Redis Changes Its Licensing Model

Redis Labs has announced Redis Source Available License (RSAL) to communicate its terms more clearly with the open source and developer communities.

Recently, Redis Labs, a leading open source database provider, has announced Redis Source Available License (RSAL), which is a modification of the previous licensing terms for its modules.
 
According to the company, RSAL will grant equivalent rights to permissive open source licenses for the vast majority of users. With RSAL, developers will be allowed to use the software, modify the source code, and integrate it with an application; and they will also be allowed to use, distribute, or sell their application.
 
The restriction the new license puts is that the application cannot be a database, a caching engine, a stream processing engine, a search engine, an indexing engine, or an ML/DL/AI serving engine.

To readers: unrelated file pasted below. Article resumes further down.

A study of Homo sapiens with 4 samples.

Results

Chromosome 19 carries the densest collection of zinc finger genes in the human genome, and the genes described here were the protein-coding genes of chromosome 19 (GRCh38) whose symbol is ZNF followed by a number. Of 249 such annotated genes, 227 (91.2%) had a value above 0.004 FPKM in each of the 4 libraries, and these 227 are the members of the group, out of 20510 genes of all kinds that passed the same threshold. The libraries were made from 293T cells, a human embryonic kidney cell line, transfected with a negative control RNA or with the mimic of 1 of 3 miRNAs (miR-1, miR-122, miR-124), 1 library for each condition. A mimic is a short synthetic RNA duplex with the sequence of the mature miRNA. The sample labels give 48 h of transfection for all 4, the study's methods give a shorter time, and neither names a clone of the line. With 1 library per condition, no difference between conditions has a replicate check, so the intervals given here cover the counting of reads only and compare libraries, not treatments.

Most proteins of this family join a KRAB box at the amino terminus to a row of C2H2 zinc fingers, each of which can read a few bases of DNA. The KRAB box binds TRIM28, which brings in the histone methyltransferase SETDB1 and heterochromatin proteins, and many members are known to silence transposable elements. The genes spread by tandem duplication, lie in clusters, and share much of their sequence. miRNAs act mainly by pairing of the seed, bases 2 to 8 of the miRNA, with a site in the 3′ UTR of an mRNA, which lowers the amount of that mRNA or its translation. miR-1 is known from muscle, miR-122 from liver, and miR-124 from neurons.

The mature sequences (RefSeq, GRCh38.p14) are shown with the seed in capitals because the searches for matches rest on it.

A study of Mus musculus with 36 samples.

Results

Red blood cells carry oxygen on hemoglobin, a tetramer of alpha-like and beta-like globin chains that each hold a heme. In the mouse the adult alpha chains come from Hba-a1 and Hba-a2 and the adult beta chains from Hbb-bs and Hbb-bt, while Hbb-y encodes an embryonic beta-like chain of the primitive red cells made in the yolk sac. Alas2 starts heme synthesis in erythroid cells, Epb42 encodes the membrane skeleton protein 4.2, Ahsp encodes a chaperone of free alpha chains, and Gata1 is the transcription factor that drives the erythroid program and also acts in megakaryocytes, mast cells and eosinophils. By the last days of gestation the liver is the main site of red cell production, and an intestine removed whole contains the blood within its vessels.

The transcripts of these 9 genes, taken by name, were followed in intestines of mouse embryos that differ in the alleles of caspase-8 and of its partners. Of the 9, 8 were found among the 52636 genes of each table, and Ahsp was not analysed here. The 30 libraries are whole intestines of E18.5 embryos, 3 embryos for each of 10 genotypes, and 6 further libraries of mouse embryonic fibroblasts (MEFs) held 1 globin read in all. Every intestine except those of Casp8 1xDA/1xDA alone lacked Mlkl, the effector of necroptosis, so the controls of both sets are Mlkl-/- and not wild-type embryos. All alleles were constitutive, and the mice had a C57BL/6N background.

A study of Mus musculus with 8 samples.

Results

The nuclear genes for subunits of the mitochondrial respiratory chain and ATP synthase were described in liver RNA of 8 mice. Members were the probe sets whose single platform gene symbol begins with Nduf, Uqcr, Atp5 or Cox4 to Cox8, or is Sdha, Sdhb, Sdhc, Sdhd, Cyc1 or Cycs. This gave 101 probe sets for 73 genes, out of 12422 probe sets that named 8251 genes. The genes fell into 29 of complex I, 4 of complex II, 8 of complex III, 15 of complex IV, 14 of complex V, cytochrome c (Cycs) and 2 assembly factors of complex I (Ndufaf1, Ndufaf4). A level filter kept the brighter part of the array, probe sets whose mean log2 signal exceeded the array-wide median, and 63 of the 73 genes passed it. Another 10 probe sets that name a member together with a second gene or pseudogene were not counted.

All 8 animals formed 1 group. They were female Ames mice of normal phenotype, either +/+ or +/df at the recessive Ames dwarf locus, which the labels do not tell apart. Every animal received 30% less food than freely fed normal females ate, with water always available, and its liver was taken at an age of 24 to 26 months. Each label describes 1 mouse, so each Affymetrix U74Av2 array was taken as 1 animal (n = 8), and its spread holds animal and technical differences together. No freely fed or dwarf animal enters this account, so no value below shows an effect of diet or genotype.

Now, the Redis licensing model will be like this in the following image.
 
Redis Changes Licensing Model
Source:  Redis
 
Earlier, Redis Labs had changed its Apache2 terms in August, with an eye on the biggest cloud providers who were using Redis technology in proprietary offerings, and keeping the resulting profits.
 
The company said that it identified three areas required to be addressed.
  • The term Apache2 modified by Commons Clause caused confusion with some users, who thought they were only bound by the Apache2 terms.
  • Common Clause’s language included the term “substantial” as a definition for what is and what isn’t allowed. There was a lack of clarity around the meaning of this term.
  • Last but not least, some Commons Clause restrictions regarding “support” worked against our intention to help grow the ecosystem around Redis Modules.